This week we have another guest post about referencing. Dr Ian Hussey is a postdoctoral researcher in psychology working at Gent University, Belgium. His research interests focus on Relational Frame Theory and Suicide.
Here Ian tells us about a system that checks and corrects your references. Sounds pretty impressive to me! Enjoy. Claire
For me, referencing is by far the least enjoyable part of the writing process. I referenced a manuscript by hand just once before I began my search for a smarter technological solution. Reference managers such as Zotero, along with their plugins for web browsers and word processors, have since become a staple part of my workflow.
However, they’re not a complete solution, and they don’t always suit everyone. A reference manager is only as good as the breadth and accuracy of your references database. Some people find that that it takes them too long to manage and maintain their database. Others, that some references are inaccurate or incomplete, especially those for older articles or those from smaller publishers. As such, for several years I was left with the vague feeling that there was room for improvement.
A few months ago I was introduced to Recite, a service that has since become a key part of my writing toolkit. Whereas a reference manager saves time when I’m inserting and formatting references, Recite serves as a double checking and correcting service when I’m finished.
First, Recite checks all references in the text body and references section for formatting.
Second, the service checks that the two correctly correspond to one another.
The above image is a screenshot of the potential issues Recite found an example manuscript, including a description of the nature of the issue. It can also show you the exact location of these issues.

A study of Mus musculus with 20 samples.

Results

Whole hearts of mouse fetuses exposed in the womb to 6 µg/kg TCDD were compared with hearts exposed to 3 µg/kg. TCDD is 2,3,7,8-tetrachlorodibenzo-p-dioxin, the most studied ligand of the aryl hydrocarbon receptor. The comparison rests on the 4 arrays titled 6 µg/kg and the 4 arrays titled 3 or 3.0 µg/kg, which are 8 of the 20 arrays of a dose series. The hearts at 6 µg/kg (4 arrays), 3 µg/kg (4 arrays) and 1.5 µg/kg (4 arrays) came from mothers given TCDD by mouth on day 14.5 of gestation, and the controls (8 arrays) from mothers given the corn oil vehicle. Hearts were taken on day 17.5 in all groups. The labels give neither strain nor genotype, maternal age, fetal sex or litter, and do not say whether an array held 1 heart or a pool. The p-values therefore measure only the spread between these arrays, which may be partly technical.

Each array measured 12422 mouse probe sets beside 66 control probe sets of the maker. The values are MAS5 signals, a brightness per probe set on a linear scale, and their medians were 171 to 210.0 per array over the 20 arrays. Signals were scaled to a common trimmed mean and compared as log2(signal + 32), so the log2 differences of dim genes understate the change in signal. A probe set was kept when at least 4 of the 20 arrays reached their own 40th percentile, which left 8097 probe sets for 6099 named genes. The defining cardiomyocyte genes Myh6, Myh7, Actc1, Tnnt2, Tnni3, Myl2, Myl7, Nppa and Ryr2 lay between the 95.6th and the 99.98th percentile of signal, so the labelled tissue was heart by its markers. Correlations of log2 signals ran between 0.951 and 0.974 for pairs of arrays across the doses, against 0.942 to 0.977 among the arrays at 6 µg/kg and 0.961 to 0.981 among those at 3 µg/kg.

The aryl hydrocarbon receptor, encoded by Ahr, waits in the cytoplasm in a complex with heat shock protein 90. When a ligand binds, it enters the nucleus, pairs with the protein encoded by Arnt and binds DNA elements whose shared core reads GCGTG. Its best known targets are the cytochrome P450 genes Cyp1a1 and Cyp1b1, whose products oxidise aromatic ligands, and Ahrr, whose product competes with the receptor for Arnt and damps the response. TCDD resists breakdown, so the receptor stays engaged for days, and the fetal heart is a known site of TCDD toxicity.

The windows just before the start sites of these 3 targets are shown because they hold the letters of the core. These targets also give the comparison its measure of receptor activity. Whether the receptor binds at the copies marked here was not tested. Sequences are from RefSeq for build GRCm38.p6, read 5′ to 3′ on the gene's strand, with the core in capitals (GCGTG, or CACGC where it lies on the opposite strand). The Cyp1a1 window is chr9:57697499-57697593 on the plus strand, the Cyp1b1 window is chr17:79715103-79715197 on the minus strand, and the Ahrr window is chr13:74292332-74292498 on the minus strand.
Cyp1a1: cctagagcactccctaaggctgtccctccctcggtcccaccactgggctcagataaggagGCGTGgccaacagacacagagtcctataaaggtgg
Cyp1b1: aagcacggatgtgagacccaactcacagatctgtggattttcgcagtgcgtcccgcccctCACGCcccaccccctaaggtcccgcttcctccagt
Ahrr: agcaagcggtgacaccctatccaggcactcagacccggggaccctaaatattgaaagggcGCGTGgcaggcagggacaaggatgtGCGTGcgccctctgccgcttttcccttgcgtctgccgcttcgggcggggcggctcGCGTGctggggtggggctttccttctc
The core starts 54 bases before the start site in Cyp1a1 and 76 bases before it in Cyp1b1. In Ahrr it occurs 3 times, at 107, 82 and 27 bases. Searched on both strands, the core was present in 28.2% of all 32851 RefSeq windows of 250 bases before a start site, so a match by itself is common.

The service only requires a Google account to use, and is completely free for the moment. Simply sign in, either upload your manuscript or copy and paste it into the provided text box, and then select the referencing format that you use. APA and Harvard formats are supported at the moment, but it sounds like this might be expanded in the future.
You can customise the level of feedback that it returns, from only flagging missing and incorrect references, to smaller formatting issues such as missing full stops and ampersand use. The former is great for catching references in your manager that are incorrect. I’ve found this particularly useful when I’ve accidentally referenced an advance online publication when the final published article is now available. If you’re not using a manager, this can also save hours of copyediting.
If you’ve ever felt that your reference manager doesn’t do everything it could, or if reference managers have always felt like too much upkeep for you, Recite might well be worth a look.
Full disclosure statement: Ian Hussey tells us that he was introduced to Recite by a colleague, Dr Miles Thompson, who is involved with the development of Recite. However, these opinions are Ian’s own.